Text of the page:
May 14, 2015 - 9:00am

Would You Like Some Facts to Go with those Ex-Im Myths?

Former Director, International Policy, U.S. Chamber of Commerce

Without congressional action, the U.S. Export-Import Bank (Ex-Im) will close its doors on June 30. Against that backdrop, those campaigning against renewing the Bank’s charter have leveled a slew of misleading accusations.

At times, the debate over Ex-Im sounds like a fact-free zone. Let’s dig into some of the charges.

Myth: Ex-Im only helps big business.

Fact: In reality, shutting down Ex-Im would mean thousands of small and mid-sized firms couldn’t even export because commercial banks generally won’t accept foreign receivables as collateral for small businesses loans. Ex-Im’s critics have no answer to this business reality. And this is no minor concern: Small and medium-sized companies account for nearly 90% of all Ex-Im transactions.

This is why scores of small and medium-sized businesses from across the country are urging Congress to renew Ex-Im.

Myth: Ex-Im is a luxury for big exporters.

Fact: Closing Ex-Im would shut major American exporters out of huge business opportunities overseas because support from an official export credit agency such as Ex-Im is required for a company even to bid on overseas infrastructure projects.

Closing Ex-Im would put U.S. companies selling expensive capital goods such as aircraft, locomotives and turbines at a unique competitive disadvantage because their foreign competitors all enjoy ample financing from their home-country export credit agencies – enough to easily knock U.S. companies out of the competition.

This is especially true of the nuclear power sector, where deals always require support from an official export credit agency such as Ex-Im. Since the U.S. nuclear industry is dependent on exports – almost no new nuclear plants are being built in the United States while other countries are building dozens – closing Ex-Im could put nuclear suppliers out of business or force them offshore.

Myth: Ex-Im displaces private finance.

Fact: That’s not what people with actual financial expertise say. The Bankers Association for Finance and Trade (BAFT) and the Financial Services Roundtable (FSR) recently issued a joint letter to congressional leaders expressing strong support for Ex-Im.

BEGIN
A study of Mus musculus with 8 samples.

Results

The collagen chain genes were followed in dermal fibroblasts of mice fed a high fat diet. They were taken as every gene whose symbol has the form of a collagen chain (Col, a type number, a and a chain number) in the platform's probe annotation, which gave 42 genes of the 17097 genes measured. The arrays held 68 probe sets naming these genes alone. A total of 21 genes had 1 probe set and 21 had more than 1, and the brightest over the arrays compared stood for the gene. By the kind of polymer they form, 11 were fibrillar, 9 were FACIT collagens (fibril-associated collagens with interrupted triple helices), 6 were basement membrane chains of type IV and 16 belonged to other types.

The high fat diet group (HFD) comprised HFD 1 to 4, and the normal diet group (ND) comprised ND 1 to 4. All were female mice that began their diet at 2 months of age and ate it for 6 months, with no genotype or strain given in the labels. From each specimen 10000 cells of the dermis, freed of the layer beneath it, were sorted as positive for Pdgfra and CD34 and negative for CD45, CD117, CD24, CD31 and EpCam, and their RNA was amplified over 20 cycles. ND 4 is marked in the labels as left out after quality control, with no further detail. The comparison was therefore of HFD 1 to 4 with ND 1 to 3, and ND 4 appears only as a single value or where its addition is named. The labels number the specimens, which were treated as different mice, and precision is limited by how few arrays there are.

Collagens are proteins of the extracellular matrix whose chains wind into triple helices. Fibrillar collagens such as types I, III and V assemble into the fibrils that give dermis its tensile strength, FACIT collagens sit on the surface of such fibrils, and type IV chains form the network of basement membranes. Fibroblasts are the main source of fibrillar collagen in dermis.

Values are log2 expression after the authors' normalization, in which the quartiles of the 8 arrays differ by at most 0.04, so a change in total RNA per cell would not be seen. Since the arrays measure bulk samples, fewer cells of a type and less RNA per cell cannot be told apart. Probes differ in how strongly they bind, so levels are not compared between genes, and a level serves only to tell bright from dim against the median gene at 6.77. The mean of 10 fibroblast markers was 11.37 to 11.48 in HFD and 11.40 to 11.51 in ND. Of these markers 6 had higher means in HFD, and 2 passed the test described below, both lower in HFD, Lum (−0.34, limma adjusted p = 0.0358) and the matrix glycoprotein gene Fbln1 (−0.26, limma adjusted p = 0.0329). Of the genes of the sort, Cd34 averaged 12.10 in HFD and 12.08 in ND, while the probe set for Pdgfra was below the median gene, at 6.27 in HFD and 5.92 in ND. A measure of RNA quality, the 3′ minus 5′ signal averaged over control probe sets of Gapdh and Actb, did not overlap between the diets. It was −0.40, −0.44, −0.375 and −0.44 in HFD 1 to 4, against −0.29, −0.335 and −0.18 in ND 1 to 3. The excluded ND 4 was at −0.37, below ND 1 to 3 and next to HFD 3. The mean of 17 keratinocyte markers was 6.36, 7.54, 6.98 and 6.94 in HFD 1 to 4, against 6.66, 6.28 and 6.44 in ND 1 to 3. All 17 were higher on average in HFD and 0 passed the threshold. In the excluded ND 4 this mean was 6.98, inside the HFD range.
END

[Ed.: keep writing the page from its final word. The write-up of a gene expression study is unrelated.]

They explained that Ex-Im “cannot be replaced solely by the private sector.” “Balance sheet constraints (arising from prudential capital and liquidity requirements, among other factors) along with institutional credit, country and counterparty limitations” are among the factors that limit the ability of commercial banks to provide export finance.

The associations added: “An Ex-Im Guarantee does not make a bad deal ‘bankable’ … commercial banks share the risk on transactions with Ex-Im and so would not enter into arrangements where the risk trumps the viability of the deal.”

Myth: Ex-Im costs the taxpayer billions.

Fact: Ex-Im has sent to the Treasury $7 billion more than it has received in appropriations since 1990. This figure comes from Ex-Im’s annual report, which uses the accounting method required by law. Contrary to rumor, the Congressional Budget Office (CBO) has never denied that Ex-Im generates a “negative subsidy,” i.e., it doesn’t cost the taxpayer a dime.

Using an alternative “fair-value” accounting method, CBO did produce an estimate that Ex-Im might impose costs on the Treasury over the next decade. However, this alternative accounting drew on highly questionable assumptions. For instance, this scenario assumed Ex-Im would extend loans at a level nearly 40% higher than it did last year, even though the Bank’s lending has been declining steadily as the financial crisis of 2008-2009 recedes.

Myth: Ex-Im subsidizes foreign state-owned firms.

Fact: According to the Merriam-Webster Dictionary, a subsidy is “money that is paid usually by a government to keep the price of a product or service low.” As we’ve just explained, Ex-Im doesn’t dole out taxpayer dollars; in fact, it charges fees for its services that allow the Bank to return more money to the Treasury than it receives in appropriations. Again, that’s a “negative subsidy,” i.e., it doesn’t cost the taxpayer a dime.

The aim of Ex-Im’s opponents is to tie it to unsavory customers overseas. This is really an attempt to divert attention from the true beneficiaries of Ex-Im – the tens of thousands of American workers whose jobs depend on the Bank. Tough competitors abroad would be delighted to make those sales instead, and they all have backing from their home country export credit agencies. Every major trading nation has one.

Maybe Ex-Im’s opponents, especially in Congress, should spend a little less time generating misinformation and misdirection … and a little more time looking these hard working American job creators in the eye.

About the Author

About the Author

Former Director, International Policy, U.S. Chamber of Commerce

Stefanie Holland is the former Director for International Policy at the U.S. Chamber of Commerce.